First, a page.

Credit: Edith A. Widder |
Operation Deep Scope 2005 Exploration | NOAA-OE | NOAAA deep-sea jellyfish, the blood-red Atolla wyvillei emits a spooky blue light when it is threatened by a predator. Its bioluminescent light flashes in a hypnotic, rotating pinwheel pattern around its body.
Credit: Jared Benney | flickr.com
The terrifyingly toothy anglerfish became a common occurrence in little kids' nightmares ever since it chased Nemo and Dory in Pixar's "Finding Nemo." To attract prey, the scary-looking fish uses a bioluminescent "fishing pole" that hangs just above and in front of its toothy face. The lure is actually a piece of dorsal spine packed with millions of glow-in-the-dark bacteria.
Credit:David Csepp | NMFS/AKFSC/ABL | NOAA
The fittingly named viperfish has long, needle-like teeth and hinged lower jaws. This deepwater monster prefers warm tropical waters, where it sinks its fang-like teeth into prey, immobilizing them.
The megamouth shark, shown here, is an extremely rare species of deepwater shark. The megamouth swims with its mouth wide open, catching and sucking in fish and krill as it glides along. Its massive mouth extends past its eyes and is equipped with about 50 rows of small, sharp teeth on each jaw.
Credit:Nikita Tiunov | shutterstock
Not all species of sea cucumbers (Holothurians) look like, well, cucumbers. Some species, which have swaying branch-like tentacles on one end of their long bodies, more closely resemble a chubby stalk of broccoli. Above is a colorful shot of a purple and orange-colored sea cucumber with its tentacles spread out.
Credit:Dr. Julian Finn, Museum Victoria
Another bottom-dwelling bioluminescent creature, the blackdragon fish has light-emitting organs arranged all along its belly to fool predators by changing its silhouette. The spooky fish also has bioluminescencant "flashlights" next to each eye that it can flash on while on the look-out for prey or to signal potential mates. As you can see in the above photo, the blackdragon fish is so toothy that even its tongue has razor-sharp teeth.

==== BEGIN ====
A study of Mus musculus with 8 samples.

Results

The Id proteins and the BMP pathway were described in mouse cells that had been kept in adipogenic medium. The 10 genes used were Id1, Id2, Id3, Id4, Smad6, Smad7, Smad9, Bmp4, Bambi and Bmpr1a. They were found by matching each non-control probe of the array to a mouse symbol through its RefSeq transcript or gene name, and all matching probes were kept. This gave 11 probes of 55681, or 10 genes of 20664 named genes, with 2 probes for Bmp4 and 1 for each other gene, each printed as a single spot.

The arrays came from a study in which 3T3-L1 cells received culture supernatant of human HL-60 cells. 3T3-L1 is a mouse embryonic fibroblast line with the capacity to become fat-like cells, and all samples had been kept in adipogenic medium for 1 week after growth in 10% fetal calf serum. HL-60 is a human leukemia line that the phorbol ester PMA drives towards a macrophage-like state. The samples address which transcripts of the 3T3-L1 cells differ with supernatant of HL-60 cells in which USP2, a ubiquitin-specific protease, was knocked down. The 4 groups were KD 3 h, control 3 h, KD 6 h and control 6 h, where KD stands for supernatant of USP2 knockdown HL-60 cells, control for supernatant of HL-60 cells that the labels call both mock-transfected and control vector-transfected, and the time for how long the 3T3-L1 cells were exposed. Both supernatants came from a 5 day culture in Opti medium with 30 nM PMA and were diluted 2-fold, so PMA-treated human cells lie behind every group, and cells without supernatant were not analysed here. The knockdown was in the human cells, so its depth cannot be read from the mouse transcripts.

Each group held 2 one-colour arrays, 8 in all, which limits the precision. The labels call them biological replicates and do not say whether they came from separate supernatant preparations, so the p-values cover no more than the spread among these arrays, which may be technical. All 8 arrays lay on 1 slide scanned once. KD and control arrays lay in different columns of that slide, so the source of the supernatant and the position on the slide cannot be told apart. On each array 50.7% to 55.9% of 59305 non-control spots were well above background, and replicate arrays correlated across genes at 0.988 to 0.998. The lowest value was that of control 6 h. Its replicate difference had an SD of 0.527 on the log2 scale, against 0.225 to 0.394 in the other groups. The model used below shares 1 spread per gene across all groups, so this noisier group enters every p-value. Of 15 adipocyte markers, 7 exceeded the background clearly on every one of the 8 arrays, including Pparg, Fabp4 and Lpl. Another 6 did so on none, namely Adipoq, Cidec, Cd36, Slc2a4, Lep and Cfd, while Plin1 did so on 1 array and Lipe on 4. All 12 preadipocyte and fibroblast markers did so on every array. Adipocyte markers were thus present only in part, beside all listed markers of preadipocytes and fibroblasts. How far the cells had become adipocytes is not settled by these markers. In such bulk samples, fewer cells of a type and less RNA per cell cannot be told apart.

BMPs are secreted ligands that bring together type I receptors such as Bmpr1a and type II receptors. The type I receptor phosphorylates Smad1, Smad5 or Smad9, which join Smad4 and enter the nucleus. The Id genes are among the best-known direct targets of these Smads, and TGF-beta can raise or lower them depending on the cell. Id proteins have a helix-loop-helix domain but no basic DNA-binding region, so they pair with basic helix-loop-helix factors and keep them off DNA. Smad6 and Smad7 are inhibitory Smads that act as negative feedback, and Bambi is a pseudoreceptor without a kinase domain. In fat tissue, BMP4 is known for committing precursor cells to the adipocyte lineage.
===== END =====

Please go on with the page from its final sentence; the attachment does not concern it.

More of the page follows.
Found in deep tropical waters around the world, the coral-red armored searobins have bodies encased in heavy scales. They also possess prominent spines, with barbels on their chins for luring in unsuspecting prey.
Despite its terrifying name, the vampire squid is relatively tiny, reaching a maximum of 6 inches (15.4 cm) in length. It gets its name from its red coloring, glowing, bioluminescent eyes and the cloak-like webbing that connects its eight arms. Although it has similarities with both squid and octopuses, it is actually not a squid but in its own separate family, of which it is the last remaining member; as such, the animal is referred to as a "living fossil." Its scientific name, Vampyroteuthis infernalis, literally translates to "vampire squid from hell." Yikes.
Credit: Joel E. Van Noord
Named for its long, vampire-like teeth the fangtooth fish inhabits the extreme deep waters of the ocean. In proportion to its body size, it has some of the largest teeth of any fish. Although it may look scary, the endangered fangtooth only grows to about 6 inches (16 cm) in length.
Credit:New Zealand-American Submarine
Ring of Fire 2005 Exploration | NOAA Vents Program The cryptically named coffinfish more resembles a colorful autumn gourd than a casket. The scowling fish can often be found resting on the bottom of the ocean, using its tiny fins like legs to prop itself up.
Credit: NOAA Ocean Explorer
The deep-sea Aequorea, or crystal jellyfish, has a translucent body and long tentacles that give it a ghostly appearance. A jellyfish's tentacles, which trail after its body, can be less than an inch to120 feet (30.48 meters) long.v
Credit: U.S. Antarctic Program Photo Library
From frightful fangtooth fish and vampire squid to coffinfish and spiky, sinister sea urchins, plenty of strange and scary creatures lurk in the dark, cold depths of the ocean ... Be brave and dive on in!
Credit: Levent Konuk | shutterstock
This frightening fish is charmingly named stargazer, because its eyes are situated on top of its head. The fish burrows its flat body underneath the sand, hiding itself so that it is still able to peek out. It then hunkers down waiting to strike if prey swims by. Although many stargazers dwell in shallow water, Northern stargazers live in the deep waters off the Atlantic Coast.